The Lapsus$ cybercrime gang recently announced it had stolen a terabyte of data from the chip giant, and after failing to come to an agreement with the company on a ransom payment, decided to push the stolen intel live.
As researchers started to scour through the treasure trove of sensitive information, they discovered two code-signing certificates that Nvidia developers use to sign their drivers and executables. These security measures help Windows endpoints verify who built any specific app or program, as well as verifying nothing has been tampered with.
Cross-referencing the stolen certificates with their database, the researchers were quick to find them being used to sign malware and other malicious tools.
As reported on the VirusTotal malware scanning service, the certificates were used to sign Cobalt Strike beacons, Mimikatz, as well as various backdoors, remote access trojans, and other malware.
According to security researchers Kevin Beaumont and Will Dormann, the stolen certificates can be found under these serial numbers:
Both certificates have reportedly already expired, but that won’t stop Windows allowing a driver signed with these, to be loaded in the OS.
There are ways to configure Windows Defender Application Control policies to eliminate compromised Nvidia drivers, but as BleepingComputer says, it’s “not an easy task, especially for non-IT Windows users”, who need to wait for the certificates to be added to Microsoft’s certificate revocation list.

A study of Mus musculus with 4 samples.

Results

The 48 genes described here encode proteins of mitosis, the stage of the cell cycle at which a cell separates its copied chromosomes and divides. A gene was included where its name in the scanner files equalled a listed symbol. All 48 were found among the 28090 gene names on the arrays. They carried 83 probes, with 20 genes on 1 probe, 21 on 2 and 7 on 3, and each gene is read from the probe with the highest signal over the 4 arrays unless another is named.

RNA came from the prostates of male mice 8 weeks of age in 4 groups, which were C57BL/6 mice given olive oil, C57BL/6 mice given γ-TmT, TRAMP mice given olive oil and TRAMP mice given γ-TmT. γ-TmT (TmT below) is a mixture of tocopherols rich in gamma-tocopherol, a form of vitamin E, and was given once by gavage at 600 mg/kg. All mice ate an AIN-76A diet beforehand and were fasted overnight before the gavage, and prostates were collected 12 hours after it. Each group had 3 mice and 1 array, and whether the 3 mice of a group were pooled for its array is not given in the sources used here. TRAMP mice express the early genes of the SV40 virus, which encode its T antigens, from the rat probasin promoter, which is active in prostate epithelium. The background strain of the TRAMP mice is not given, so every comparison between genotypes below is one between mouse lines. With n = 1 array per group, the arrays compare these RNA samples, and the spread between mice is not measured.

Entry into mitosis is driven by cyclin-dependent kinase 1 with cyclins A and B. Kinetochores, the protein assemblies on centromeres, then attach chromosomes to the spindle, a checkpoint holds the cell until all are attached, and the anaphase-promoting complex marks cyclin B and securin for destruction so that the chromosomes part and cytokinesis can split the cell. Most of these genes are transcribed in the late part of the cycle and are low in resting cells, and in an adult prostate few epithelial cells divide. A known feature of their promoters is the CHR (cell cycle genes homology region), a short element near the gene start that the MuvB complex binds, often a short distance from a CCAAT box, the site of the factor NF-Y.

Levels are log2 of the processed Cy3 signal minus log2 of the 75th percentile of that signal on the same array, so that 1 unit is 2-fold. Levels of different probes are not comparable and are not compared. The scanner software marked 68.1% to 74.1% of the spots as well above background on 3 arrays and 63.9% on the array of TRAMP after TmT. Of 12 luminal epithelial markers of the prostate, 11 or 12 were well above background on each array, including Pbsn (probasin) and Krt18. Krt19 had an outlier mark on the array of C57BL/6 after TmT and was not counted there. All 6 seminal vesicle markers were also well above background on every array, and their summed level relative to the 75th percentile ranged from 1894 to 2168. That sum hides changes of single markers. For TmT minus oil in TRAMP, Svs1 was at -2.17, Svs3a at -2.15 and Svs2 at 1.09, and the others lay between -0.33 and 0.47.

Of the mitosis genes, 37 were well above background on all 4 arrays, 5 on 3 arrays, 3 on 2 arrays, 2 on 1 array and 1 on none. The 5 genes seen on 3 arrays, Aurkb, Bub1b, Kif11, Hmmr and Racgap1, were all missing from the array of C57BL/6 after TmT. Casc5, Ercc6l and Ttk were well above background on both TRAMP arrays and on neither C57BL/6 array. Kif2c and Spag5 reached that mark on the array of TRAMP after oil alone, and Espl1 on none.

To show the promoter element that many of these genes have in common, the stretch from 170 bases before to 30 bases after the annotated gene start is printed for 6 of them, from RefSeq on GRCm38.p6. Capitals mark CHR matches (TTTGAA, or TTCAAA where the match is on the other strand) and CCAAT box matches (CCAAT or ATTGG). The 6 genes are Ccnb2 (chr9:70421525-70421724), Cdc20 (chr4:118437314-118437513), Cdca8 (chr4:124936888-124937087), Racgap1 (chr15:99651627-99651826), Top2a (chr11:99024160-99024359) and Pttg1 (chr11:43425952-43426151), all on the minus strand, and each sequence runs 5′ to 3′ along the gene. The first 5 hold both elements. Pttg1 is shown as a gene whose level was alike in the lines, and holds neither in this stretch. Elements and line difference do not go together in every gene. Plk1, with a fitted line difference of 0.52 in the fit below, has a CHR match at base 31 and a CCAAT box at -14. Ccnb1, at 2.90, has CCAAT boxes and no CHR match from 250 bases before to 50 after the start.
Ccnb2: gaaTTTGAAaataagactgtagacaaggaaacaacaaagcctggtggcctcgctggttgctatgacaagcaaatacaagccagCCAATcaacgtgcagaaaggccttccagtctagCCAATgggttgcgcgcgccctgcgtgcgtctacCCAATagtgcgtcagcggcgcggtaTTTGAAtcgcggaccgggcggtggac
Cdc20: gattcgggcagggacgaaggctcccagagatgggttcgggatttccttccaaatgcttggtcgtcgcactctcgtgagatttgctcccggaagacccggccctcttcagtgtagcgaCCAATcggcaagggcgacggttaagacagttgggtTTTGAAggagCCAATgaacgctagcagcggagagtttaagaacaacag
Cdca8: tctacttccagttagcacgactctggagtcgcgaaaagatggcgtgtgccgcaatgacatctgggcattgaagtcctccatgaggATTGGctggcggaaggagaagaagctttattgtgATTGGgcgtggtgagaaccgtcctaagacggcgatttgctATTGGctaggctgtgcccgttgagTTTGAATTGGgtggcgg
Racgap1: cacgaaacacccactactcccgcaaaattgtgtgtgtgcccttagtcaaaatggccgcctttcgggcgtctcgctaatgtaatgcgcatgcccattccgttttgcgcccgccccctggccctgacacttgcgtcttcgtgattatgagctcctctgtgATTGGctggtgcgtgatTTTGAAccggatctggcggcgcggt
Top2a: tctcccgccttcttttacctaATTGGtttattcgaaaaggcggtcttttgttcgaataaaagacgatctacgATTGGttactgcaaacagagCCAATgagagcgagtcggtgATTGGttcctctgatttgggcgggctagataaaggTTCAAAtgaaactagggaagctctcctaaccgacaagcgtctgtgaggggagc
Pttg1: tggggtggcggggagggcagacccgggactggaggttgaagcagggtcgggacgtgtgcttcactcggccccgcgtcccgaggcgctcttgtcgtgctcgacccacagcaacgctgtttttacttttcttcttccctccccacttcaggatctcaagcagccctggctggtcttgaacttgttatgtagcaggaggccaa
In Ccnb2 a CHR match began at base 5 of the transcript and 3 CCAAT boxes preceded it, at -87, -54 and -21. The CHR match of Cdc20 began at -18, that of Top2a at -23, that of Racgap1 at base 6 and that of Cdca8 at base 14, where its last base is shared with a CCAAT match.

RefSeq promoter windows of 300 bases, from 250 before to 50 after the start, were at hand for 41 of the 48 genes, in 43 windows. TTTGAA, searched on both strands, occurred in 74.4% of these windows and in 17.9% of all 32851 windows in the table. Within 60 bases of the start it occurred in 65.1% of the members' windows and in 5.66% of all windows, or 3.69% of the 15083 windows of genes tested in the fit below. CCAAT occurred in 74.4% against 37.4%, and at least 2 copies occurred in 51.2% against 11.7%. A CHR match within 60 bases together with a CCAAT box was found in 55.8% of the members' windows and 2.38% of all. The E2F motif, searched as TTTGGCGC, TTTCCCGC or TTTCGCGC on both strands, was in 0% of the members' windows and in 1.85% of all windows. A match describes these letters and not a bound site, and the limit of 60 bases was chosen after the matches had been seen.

Lapsus$ is making a name for itself, rather quickly. Having targeted Impresa, Portugal’s biggest media conglomerate, late last year, taking down multiple websites, TV channels, AWS infrastructure, and Twitter accounts, it also struck the websites of Brazil’s Ministry of Health (MoH), suspending Covid-19 vaccination efforts across the country. It claimed to have stolen 50TB worth of data, before deleting them from the MoH’s servers.
In the Nvidia attack, the group claims to have taken login information, and other sensitive data on tens of thousands of Nvidia employees. It also says the data helped it build a tool to eliminate the hash rate limiter for the RTX 3000 GPU, which can be used to mine Ether with just 50% of capacity.
It also released 190GB of sensitive data stolen from Samsung which, if proven authentic, could be one of the more damaging data leaks to occur this year.